PRINT December 2002

Music: Best of 2002

Steve Lafreniere


1. Paperecordings, Splinter 05 The best compilation yet from Manchester’s bewitching left-field deep-house label usefully narrows the distance between sex and thinking.

2. Linda Thompson, Fashionably Late After seventeen years, Linda Thompson appears from out of the mist to plunge in a few more daggers. One of the most beautiful voices on earth.

3. Royksopp, Melody A.M. Norway’s darlings cross Arling & Cameron with Sparks, but their lyrical heart belongs to Rod McKuen.

4. Would-be-goods, The Camera Loves Me A rerelease of the strangest art-rock album of the ’80s. Protégés of ultradandy producer Mike Alway, the preposterous WBGs sang about sex, languor, Cecil Beaton, and tequila over ocharinas and a Gary Glitter beat. A must-own.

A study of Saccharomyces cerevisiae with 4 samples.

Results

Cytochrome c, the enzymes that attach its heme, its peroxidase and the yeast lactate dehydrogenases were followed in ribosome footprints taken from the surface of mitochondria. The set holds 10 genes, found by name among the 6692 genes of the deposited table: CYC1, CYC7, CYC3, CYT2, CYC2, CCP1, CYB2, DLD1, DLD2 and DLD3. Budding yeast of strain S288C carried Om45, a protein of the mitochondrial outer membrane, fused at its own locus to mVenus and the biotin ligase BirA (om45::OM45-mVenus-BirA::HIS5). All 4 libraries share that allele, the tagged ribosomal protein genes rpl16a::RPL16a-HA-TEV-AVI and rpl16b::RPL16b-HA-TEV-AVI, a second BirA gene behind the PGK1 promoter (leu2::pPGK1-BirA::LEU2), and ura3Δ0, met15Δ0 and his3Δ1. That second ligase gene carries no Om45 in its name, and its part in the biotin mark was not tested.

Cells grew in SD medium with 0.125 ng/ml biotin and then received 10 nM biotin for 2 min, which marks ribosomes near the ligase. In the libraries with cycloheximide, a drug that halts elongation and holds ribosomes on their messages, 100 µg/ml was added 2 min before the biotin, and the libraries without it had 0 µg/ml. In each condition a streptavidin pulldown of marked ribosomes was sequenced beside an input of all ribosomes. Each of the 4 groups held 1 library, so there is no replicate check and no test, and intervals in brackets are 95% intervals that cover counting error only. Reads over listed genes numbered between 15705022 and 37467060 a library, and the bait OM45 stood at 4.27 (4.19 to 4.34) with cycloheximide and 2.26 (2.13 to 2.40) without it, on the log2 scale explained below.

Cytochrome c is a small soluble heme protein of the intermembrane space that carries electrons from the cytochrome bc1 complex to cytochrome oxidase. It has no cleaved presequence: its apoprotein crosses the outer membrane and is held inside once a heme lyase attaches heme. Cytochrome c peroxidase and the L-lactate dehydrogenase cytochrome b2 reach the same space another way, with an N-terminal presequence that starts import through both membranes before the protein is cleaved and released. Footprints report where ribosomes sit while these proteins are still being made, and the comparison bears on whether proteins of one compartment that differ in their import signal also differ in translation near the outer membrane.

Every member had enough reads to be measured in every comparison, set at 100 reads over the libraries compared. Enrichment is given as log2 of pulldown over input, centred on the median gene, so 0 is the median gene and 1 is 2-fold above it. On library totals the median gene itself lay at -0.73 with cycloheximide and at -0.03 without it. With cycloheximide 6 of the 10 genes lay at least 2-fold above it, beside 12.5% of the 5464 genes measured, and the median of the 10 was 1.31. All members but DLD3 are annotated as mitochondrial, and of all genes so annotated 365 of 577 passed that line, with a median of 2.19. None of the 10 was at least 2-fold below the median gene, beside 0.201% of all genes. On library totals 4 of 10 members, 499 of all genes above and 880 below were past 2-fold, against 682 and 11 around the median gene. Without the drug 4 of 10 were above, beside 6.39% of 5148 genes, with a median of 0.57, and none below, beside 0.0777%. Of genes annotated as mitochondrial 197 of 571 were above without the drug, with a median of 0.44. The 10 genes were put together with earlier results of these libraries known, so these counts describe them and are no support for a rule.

5. Loraxx, Western Wear A real punisher from Chicago’s most disciplinary power trio. It absolutely kick-starts the opening scene of Rick Powell’s forthcoming Open Mikes, itself a film about how unforgiving music can be.

6. Wire, Read & Burn 01 and 02 The perfect storm.

7. k-rakos, storynaught More albums of gleaming sonic puzzles that resolve themselves in quavering emotional hues, please.

8. Various artists, Disco Not Disco Vol. 2 Knit-brow classics from the first era of postpunk disco. I somehow forgot that we all danced to Can and Material in the early ’80s and that every Arthur Russell twelve-inch was a revolution.

9. Six Organs of Admittance, Dark Noontide Lo-fi acoustic psychedelic folk with moaning, for those who started missing John Fahey in about 1971.

10. Gus Gus, Attention These people could probably belch a good groove.

Steve Lafreniere, a writer and independent curator based in New York, is editor at large at Index magazine. He cocurated an exhibition of work by ’80s video artist Nelson Sullivan at Gavin Brown’s Enterprise, New York, in 2001, and regularly spins records at Brown’s Fifteenth Street bar, Passerby.